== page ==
Monday, July 27, 1998 Published at 13:14 GMT 14:14 UK
Hunting for Thelma
Correspondent Tony Samstag reports from Norway:
Scotland's Loch Ness, home of the most famous sea serpent in the world, faces a rival in deep in rural Norway.
Next month, a scientific expedition is to search for a local monster called Thelma.
Seljord is probably best known for its annual farming and folk festival which attracts about 50,000 people - more than 16 times the local population.
The village, not quite 200km south west of Oslo, is also known for its pretty medieval church and its mysterious pre-Christian fertility symbol in stone.
The locals are fond of acting out highlights from a venerable body of folk legends in which heroic women and wicked trolls, often indistinguishable to the untrained observer, smite each other hip and thigh.
But best of all is the huge eponymous lake, Seljordvatn (Seljord Water), 14km long and 2km wide, in which Thelma the monster is purported to lurk.
Thelma's image has even been adopted as the official municipal logo, ratified by the Norwegian king and cabinet, no less.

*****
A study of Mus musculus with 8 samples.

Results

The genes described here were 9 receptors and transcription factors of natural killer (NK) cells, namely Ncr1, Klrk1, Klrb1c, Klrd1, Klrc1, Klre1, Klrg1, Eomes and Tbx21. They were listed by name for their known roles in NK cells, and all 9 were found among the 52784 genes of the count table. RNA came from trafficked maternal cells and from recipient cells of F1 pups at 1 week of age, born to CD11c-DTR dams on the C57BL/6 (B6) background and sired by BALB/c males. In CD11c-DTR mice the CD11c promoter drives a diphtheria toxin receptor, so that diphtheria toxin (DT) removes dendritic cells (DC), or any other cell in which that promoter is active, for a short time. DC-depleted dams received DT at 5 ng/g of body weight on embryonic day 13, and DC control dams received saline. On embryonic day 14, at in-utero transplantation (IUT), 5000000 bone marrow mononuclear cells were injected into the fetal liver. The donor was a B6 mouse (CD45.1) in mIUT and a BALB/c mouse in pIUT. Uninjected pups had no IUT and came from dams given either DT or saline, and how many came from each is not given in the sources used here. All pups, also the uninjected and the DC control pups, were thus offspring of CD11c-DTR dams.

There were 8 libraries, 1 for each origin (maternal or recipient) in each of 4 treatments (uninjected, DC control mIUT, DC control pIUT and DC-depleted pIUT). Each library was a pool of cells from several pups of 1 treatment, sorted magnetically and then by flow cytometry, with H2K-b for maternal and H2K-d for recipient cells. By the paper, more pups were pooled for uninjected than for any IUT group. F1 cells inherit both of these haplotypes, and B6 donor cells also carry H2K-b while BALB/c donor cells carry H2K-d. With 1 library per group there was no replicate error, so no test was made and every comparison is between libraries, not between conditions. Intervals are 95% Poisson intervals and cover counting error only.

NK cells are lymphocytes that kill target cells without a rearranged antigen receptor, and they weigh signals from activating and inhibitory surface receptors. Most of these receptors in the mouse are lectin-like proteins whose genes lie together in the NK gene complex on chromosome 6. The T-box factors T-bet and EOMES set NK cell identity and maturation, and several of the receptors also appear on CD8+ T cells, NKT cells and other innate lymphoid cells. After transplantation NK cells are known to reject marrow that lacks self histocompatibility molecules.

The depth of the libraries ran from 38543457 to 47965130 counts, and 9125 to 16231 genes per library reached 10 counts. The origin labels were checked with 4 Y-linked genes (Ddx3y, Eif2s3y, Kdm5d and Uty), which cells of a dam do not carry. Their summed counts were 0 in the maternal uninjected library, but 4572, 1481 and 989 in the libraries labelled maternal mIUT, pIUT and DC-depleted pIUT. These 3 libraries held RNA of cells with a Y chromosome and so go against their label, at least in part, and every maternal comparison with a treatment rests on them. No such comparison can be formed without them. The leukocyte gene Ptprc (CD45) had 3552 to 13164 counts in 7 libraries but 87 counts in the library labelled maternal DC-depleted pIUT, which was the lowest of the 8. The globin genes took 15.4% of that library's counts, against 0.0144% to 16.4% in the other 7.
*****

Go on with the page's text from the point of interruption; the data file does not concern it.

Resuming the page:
Descriptions of Thelma vary wildly, but many agree that she is at least 10 metres long, with a head that resembles a horse or elk at the end of a long thick neck.
Some insist the creature has one big eye with a nictating membrane like a fishy lid, but most of the ancient drawings seem to show her with two eyes and no eyelids to speak of.
Ironically, Norwegian sonar technology has been prominent in recent explorations of Loch Ness.
The fact that it is now to be deployed in a well-publicised expedition at Seljord, right in the middle of a cold, wet summer in one of the worst tourist seasons in living memory, is surely coincidental.